Mozambique: An oasis in the desert of food insecurity

Report
from World Vision
Published on 24 Sep 2004
It's a little off the beaten track, but a small garden in World Vision's Muecate Area Development Program in northern Mozambique holds the community's hopes for food security.

Erratic rainfall, infertile soil and a virus that has decimated the cassava crop means thounsands of people in Muecate are now threatened with food shortages.

However, farmers from the project are working together to find places where they can grow what cannot be grown anywhere else.

"This is where we're able to produce the food we need to eat and to sell for our survival," said Deolinda, one of a few women in the once male dominated local farmers association.

"We start by getting together to identify better, more fertile land, which often is by the riverside," said World Vision's Helena Neves. Once that's done, they get together to work out the best way to maximise production.

Helena said the biggest challenge is persuading communities to change their farming as well as eating habits.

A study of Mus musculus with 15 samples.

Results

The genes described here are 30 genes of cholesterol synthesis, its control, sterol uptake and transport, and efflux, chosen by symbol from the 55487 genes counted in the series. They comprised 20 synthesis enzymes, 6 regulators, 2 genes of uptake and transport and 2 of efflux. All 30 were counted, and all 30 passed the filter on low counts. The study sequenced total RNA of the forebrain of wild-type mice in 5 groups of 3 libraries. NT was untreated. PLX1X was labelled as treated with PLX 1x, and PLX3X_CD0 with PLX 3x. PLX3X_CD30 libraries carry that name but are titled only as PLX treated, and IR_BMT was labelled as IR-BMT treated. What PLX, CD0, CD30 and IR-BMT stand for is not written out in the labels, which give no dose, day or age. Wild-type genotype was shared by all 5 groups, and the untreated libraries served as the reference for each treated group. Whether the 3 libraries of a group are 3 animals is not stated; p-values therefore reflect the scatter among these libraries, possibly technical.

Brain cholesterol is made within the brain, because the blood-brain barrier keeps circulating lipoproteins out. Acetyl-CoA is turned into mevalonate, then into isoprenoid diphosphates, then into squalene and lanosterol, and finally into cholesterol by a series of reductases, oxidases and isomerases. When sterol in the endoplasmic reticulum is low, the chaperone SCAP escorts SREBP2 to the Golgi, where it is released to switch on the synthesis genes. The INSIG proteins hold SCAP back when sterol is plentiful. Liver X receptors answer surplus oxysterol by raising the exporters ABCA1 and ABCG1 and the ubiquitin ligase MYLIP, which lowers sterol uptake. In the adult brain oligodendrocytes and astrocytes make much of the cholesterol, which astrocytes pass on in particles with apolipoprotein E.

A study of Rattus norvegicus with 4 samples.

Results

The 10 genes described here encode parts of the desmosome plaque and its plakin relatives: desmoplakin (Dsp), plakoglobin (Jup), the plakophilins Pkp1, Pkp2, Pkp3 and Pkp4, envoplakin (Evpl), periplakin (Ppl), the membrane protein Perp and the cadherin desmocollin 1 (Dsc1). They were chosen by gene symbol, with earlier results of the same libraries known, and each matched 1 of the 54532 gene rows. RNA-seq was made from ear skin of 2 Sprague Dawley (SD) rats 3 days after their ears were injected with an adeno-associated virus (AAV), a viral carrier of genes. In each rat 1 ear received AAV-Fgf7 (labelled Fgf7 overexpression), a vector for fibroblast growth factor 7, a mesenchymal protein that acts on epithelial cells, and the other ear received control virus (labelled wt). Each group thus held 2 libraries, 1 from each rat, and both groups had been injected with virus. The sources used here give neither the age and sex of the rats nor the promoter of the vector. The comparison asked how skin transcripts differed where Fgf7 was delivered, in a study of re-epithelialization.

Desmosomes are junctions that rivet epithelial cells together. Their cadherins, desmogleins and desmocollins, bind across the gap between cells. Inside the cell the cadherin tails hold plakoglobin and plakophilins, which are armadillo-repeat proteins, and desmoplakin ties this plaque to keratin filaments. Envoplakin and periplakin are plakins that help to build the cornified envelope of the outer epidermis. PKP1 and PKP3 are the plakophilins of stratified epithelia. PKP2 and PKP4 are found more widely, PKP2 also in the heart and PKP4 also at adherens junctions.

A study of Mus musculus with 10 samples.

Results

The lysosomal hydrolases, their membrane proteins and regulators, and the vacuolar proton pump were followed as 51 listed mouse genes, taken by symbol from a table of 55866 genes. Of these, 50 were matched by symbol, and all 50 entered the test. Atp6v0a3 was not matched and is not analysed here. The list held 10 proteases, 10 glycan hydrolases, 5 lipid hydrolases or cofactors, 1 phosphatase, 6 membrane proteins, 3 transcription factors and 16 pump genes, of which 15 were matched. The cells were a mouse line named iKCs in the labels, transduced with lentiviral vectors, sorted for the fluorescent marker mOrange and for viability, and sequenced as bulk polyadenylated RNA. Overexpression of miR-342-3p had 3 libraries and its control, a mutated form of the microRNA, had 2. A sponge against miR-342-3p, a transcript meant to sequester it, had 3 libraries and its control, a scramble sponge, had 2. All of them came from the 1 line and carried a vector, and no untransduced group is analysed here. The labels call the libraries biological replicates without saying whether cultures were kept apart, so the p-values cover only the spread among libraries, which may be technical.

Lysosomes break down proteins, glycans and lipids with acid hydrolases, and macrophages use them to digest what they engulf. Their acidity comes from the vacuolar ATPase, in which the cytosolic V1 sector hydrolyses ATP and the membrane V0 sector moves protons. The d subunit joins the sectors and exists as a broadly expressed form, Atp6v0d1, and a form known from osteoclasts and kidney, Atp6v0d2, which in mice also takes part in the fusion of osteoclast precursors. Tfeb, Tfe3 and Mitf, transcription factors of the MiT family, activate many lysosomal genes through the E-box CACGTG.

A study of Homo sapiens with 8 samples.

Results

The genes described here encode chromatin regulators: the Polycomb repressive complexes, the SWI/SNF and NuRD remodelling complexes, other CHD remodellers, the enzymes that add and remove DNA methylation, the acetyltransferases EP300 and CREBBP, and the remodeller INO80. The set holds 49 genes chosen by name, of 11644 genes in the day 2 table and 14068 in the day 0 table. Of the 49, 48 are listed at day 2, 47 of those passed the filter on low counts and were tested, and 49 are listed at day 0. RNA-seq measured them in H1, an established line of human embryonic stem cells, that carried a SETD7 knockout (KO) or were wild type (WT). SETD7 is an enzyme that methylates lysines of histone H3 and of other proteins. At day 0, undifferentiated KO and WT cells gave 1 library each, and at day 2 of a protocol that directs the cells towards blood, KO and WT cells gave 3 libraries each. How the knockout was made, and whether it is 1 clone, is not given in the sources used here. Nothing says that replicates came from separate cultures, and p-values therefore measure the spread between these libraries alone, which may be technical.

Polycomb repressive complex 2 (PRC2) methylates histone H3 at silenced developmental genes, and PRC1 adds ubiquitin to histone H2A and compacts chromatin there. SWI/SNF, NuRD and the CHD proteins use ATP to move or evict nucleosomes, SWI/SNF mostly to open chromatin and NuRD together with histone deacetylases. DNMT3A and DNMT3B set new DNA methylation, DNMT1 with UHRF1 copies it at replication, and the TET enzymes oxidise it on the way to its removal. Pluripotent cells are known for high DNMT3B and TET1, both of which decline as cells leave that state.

"They're coming to realize that whilst everything is being done to salvage their basic food - cassava - namely by trying varieties which may be resistant to the virus that has been destroying this crop, it's equally important to ensure there is alternative food for consumption," she said.

Parts of southern Africa are facing chronic food insecurity, due to a number of complex factors such as political insecurity, HIV/AIDS and drought. In responding to this crisis, World Vision is working with communities to improve agricultural techniques, increasing farmers' yields and improving their livelihood. These interventions are also targeting those most vulnerable to food insecurity, such as child-headed households, one-parent households, or households where a person is chronically ill.